Jay Huner

Farming Crustaceans

Adult crawfish stocked into new ponds in the spring burrow into the enclosing mud levees before the shallow pools are drained for the summer. There is no real control of how many crawfish survive, so there is no way to regulate the number of young crawfish that appear when these impoundments are refilled in the autumn. Because the growth of the animals slows when their density is too high, a given pond may have so many crawfish that they do not reach sizes that are desirable to market. In such cases, allowing birds to reduce the density of crawfish seems a logical method to assure adequate growth.

Thus many environmentalists contend that crawfish farmers should be happy that water birds thin their crawfish crops. The rub is that when small crawfish are culled in experimental ponds, there is no substantial compensatory growth in those remaining. Only when these same small crawfish are moved to underpopulated ponds do they thrive and attain large size. It would appear that some unidentified environmental factor in the original pond must limit the ability of small crawfish to grow there. In any event, computer simulations support the position of the farmers: Heavy predation from birds, regardless of the species involved, probably hurts crawfish production.

Louisiana crawfish aquaculture is also threatened by another increasingly common phenomenon: globalization. The problem is that the importation of frozen crawfish products from China has depressed market prices. Many crawfish farmers, disappointed by the loss of income, are instead trying to raise other crops, such as sugar cane, that do not require them to flood the land. As a way to make ends meet, some have begun leasing the right to hunt the many ducks and geese that visit their ponds.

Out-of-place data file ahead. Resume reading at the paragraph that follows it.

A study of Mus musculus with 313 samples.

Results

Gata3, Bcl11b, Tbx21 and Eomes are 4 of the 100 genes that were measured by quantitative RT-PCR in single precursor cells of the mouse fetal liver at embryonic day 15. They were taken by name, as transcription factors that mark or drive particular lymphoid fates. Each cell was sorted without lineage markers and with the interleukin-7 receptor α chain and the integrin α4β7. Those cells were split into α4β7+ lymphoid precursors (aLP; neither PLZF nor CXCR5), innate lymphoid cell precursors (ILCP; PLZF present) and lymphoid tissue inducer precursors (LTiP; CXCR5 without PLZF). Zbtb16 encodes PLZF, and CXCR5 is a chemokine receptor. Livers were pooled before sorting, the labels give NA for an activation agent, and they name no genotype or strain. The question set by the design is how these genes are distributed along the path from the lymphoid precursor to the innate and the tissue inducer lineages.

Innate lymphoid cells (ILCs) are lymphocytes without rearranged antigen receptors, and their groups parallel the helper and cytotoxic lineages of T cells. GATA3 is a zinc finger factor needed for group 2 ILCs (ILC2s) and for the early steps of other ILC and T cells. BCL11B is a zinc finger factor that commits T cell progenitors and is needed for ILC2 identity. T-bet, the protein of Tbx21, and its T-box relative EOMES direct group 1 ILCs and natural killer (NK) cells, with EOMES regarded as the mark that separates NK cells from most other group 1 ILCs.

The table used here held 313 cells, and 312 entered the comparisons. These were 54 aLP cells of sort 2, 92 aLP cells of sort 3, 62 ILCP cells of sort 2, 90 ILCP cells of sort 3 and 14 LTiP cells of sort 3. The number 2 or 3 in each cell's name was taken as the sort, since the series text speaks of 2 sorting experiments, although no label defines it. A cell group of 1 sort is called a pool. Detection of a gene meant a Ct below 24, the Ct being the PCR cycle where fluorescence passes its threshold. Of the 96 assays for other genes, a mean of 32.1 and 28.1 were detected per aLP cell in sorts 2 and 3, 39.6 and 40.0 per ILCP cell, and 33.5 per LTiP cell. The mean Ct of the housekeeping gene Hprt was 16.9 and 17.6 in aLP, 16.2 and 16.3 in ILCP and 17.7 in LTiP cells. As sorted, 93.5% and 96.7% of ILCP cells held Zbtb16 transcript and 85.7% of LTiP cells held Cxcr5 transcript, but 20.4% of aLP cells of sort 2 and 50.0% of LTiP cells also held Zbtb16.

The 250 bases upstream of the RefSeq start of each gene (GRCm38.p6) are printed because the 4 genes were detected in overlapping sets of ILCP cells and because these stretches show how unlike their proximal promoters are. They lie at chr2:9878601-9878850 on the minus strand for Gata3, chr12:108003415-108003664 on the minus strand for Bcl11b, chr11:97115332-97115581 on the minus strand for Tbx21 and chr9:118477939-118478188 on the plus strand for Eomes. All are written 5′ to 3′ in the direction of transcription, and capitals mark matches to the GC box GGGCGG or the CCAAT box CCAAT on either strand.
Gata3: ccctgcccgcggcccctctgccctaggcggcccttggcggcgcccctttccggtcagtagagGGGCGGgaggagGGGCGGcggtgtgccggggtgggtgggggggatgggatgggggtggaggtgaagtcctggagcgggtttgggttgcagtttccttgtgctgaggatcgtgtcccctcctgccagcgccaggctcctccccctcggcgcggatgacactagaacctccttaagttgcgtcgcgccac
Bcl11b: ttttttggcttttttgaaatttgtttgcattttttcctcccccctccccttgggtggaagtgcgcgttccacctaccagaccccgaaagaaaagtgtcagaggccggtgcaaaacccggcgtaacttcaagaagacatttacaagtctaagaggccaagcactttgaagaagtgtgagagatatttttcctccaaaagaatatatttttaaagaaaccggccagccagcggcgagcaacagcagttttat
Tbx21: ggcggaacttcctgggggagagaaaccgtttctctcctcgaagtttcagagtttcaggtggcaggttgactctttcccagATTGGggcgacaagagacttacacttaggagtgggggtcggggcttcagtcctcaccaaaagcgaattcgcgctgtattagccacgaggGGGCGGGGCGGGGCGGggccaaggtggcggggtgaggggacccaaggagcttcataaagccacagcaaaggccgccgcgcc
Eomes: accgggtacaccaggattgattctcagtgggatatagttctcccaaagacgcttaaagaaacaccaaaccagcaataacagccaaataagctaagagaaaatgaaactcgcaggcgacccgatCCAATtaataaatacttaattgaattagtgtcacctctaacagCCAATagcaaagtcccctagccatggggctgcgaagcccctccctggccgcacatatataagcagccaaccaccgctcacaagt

If Louisiana crawfish aquaculture disappears, it is not only the farmers that will be displaced. Consider one well-known rookery for wading birds at Lake Martin, just east of Lafayette. This vast breeding ground—a breathtaking site to visit—undoubtedly takes this spectacular form because it is situated within 25 miles of some 30,000 acres of crawfish ponds, which support, in large part, these nesting birds and their offspring throughout most of the year. Losing too much crawfish acreage in that vicinity would thus devastate the rookery, which would be an environmental tragedy.